If I am reading your story right, the horse bucked you off once, then you were grounded for awhile but did lots of groundwork. Finally you got on again, and he bucked you off again.
If you are getting along well doing ground work, I am guessing the issue is either that the saddle doesn't fit, or that the horse is not well trained to being ridden.
From what you say, I would consider the possibility that the horse is not trained to be ridden yet, because packing and ground work will not train a horse to be ridden. Do you know for sure the trainer that worked with the horse actually spent time riding him?
Another thing to consider is that a horse "green broke" to being ridden needs some experience and miles before you can expect to get on after a period of time and be certain he won't buck. Anything that scares or feels "off" to a green horse might cause bucking. Even if the last time you rode in November made the horse scared somehow, it might have caused him to buck this time just remembering that experience.
Usually I am ready for a buck to happen anytime in the first 100 rides.
Something not everyone realizes is that training for riding must happen during riding. You can do years of groundwork and the horse will still be completely green to riding until he has some experience doing it.
My suggestion is to not get on the horse yourself, but instead enlist the help of an experienced rider. That person can evaluate the horse and discover why he is bucking, and also get him through the first several rides. Ideally, if you don't want to get bucked off again I'd have someone do the first 60-100 rides for you. I've seen some trainers that spend 30 days with a horse but only ride three times before sending the horse to the new owner. That horse is still extremely green and there is a good chance they still might buck at some point.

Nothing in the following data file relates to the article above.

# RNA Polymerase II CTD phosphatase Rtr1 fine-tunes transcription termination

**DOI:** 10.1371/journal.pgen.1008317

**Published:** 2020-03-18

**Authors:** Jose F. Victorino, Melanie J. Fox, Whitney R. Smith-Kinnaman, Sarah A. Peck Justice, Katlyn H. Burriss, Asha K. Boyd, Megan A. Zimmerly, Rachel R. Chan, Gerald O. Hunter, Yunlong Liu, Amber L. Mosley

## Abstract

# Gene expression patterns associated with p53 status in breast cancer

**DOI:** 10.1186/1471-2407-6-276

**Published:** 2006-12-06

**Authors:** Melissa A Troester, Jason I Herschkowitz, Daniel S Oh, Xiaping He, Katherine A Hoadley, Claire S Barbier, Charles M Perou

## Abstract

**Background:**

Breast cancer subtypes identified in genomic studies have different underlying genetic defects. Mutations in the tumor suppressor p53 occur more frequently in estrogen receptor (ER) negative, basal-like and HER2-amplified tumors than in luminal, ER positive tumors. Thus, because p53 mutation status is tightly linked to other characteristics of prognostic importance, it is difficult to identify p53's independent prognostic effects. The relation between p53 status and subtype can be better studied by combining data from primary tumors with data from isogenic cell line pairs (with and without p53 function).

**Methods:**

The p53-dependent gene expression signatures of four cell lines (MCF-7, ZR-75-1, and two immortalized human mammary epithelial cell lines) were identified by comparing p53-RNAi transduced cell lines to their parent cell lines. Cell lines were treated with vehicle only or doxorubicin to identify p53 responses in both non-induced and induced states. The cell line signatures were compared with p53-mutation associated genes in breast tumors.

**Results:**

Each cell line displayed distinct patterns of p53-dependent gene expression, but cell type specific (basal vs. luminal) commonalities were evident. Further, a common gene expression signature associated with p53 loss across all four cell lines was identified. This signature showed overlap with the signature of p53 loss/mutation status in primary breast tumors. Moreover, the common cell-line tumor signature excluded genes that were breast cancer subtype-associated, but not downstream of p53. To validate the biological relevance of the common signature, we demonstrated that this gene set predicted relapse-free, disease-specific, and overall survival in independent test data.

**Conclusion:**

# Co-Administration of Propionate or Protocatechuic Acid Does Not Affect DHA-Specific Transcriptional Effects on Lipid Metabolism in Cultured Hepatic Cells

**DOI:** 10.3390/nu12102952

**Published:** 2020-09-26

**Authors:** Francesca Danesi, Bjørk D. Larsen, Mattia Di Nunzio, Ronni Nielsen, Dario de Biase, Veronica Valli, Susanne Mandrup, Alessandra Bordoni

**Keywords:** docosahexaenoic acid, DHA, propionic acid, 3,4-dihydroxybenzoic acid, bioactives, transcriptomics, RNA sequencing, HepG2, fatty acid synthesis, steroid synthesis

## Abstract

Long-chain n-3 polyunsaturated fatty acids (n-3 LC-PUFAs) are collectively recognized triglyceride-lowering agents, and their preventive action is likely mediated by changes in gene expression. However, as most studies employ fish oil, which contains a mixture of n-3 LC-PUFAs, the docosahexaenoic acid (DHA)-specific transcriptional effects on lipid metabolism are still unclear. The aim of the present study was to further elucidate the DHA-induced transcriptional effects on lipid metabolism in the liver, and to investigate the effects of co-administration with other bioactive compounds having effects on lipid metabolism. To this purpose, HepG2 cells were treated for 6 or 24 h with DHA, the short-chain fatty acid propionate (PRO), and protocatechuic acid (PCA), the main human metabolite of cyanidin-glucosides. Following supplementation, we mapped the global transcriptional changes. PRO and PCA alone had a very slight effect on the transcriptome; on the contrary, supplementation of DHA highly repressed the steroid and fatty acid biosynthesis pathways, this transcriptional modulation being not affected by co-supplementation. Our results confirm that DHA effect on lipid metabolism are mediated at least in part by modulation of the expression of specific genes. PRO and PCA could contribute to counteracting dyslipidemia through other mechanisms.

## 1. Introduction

People who are experienced with getting bucked off will often test the horse a bit before committing to getting completely on - if they suspect a horse might buck. I usually hop up and down in the stirrup a few times to make sure the horse seems calm and also wiggle the saddle and slap the stirrups around, making lots of noise. I stand on something taller than the horse and wave my arms, seeing if this makes him react. Then I lay on my stomach so I can just slide off if the horse rushes off or starts bucking. If the horse is calm with all of this, then I will commit to sitting in the saddle. It also saves you from discovering the saddle is causing back pain when you are on the horse. If the back hurts or the saddle pinches, the horse will usually react to your weight just hanging over the saddle or pressing down in the stirrup.
Last edited by gottatrot; 02-01-2017 at 05:43 AM.